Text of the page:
Information providers have found several interesting ways of pictorially representing the investment objective. The US fund rating outfit Morningstar pioneered a visual style box for capturing a fund’s investment style. In India, some fund research agencies have tried to emulate this and picturise equity schemes in a 3×3 matrix along two parameters — investment style and capitalisation.
The classification between large, medium and small capitalisations was quite subjective until SEBI defined them.
Debt schemes are similarly picturised along two parameters — credit quality and interest rate sensitivity.
Every company can be strait-jacketed into a single investment style (growth, blended or value) and a single capitalization category (large, medium or small). However, some returns in a growth stock fund are also associated with returns in a value-investment index. Similarly, some returns in a mid-cap stock are also associated with returns in a large-cap index. In an investment style analysis, how does one factor such correlation of returns between asset classes?
Advanced investment style analysis comes in handy to address such problems. Style analyses go beyond the portfolio statement to the underlying asset return sensitivities. The following details of such an asset class factor model are extracted from William Sharpe’s paper on the subject.
William Sharpe used 12 asset classes for his analysis:
– Cash equivalents with less than 3 months to maturity.
– Index: Salomon Brothers’ 90-day Treasury bill index.
- Intermediate-term government bonds:
– Government bonds with less than 10 years to maturity.
– Index: Lehman Brothers’ Intermediate-term Government Bond Index.
- Long-term government bonds:
– Government bonds with more than 10 years to maturity.
– Index. Lehman Brothers’ Long-term Government Bond Index.
- Corporate bonds:
– Corporate bonds with ratings of at least Baa by Moody’s or BBB by Standard & Poor.
– Index. Lehman Brothers’ Corporate Bond Index.
- Mortgage-related securities:
– Mortgage-backed and related securities.
– Index. Lehman Brothers’ Mortgage-Backed Securities Index.
- Large-capitalization value stocks:
– Stocks in Standard and Poor’s 500-stock index with high book-to-price ratios.
– Index. Sharpe I BARRA Value Stock Index.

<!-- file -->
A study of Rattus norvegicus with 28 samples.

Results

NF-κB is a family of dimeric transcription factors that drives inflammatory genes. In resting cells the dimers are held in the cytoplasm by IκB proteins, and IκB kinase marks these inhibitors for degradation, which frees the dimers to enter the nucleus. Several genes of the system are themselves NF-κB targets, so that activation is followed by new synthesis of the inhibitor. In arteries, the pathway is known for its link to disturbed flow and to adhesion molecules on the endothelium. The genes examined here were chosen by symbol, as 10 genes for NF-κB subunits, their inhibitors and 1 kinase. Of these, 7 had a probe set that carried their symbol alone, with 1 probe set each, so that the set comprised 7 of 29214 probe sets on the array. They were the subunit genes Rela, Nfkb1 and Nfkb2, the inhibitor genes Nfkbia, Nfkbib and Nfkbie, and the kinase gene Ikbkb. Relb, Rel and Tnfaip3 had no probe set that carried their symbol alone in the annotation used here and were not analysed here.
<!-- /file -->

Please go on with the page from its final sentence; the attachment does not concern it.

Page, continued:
- Large-capitalization growth stocks:
– Stocks in Standard and Poor’s 500-stock index with low book-to-price ratios.
– Index. Sharpe I BARRA Growth Stock Index.
- Medium-capitalization stocks:
– Stocks in the top 80% of capitalization in the US equity universe after the exclusion of stocks in Standard and Poor’s 500 stock index.
– Index: Sharpe I BARRA Medium Capitalization Stock Index.
- Small-Capitalization Stocks
– Stocks in the bottom 20% of capitalization in the U.S. equity universe after the exclusion of stocks in Standard and Poor’s 500 stock index
– Index: Sharpe/BARRA Small Capitalization Stock Index
- Non-U.S. Bonds
– Bonds outside the U.S. and Canada
– Index: Salomon Brothers’ Non-U.S. Government Bond Index
- European Stocks.
– European and non-Japanese Pacific Basin stocks
– Index: FTA Euro-Pacific Ex Japan Index
- Japanese Stocks.
– Japanese Stocks
– Index: FTA Japan Index
A quadratic programming exercise was carried out, for the returns in various schemes and the underlying asset classes, based on monthly returns for the time period January 1985 to December 1989. The following are the results of the analysis, as applied to a leading US fund.
During the period ended December 1989, only 2.7% of the monthly variation in XYZ Fund returns could be attributed to selection of securities within asset classes. Over 97.3% of the monthly variation in XYZ Fund returns could be attributed to the concurrent return on a passive portfolio with the style shown below :
This 97.3% was basically the R-squared value that came out of the quadratic programming exercise. Sharpe used R-squared as an indicator of returns that came out of Style (asset class); the balance, namely 1 minus R-squared, was taken as an indicator of returns that came out of selection of securities within the asset class.
By doing a series of such style analyses for different months, it was found that XYZ Fund progressively increased its emphasis on large growth stocks and reduced its exposure to small capitalization stocks during the 1 980s. This is not surprising, as the fund grew to approximately $14 billion by the end of the period, making substantial investment in very small stocks increasingly difficult. The change in style over time is evident from following Figure..
The difference in returns between the scheme and the benchmark ( S&P 500) was cumulated each month from January 1986 through December 1989. This comparison is shown below:
[Fidelity Magellan Fund-Fund vs Benchmark]
XYZ Fund provided a positive but statistically insignificant outperformance when compared with the S&P500 over the period. Such a comparison masked XYZ’s truly outstanding selection performance.
In order to capture the selection performance, William Sharpe tweaked the calculations a bit. He found that the fund outperformed its style benchmarks by a cumulative amount of over 25%, as seen in Figure as below :
[Fidelity Magellan Fund-Fund vs Style]
Thus, by separating the style and selection returns, style analysis provides excellent insights into a fund’s performance. ‘Performance Attribution’ gets into some alternate approaches to disaggregating returns into their underlying strategies.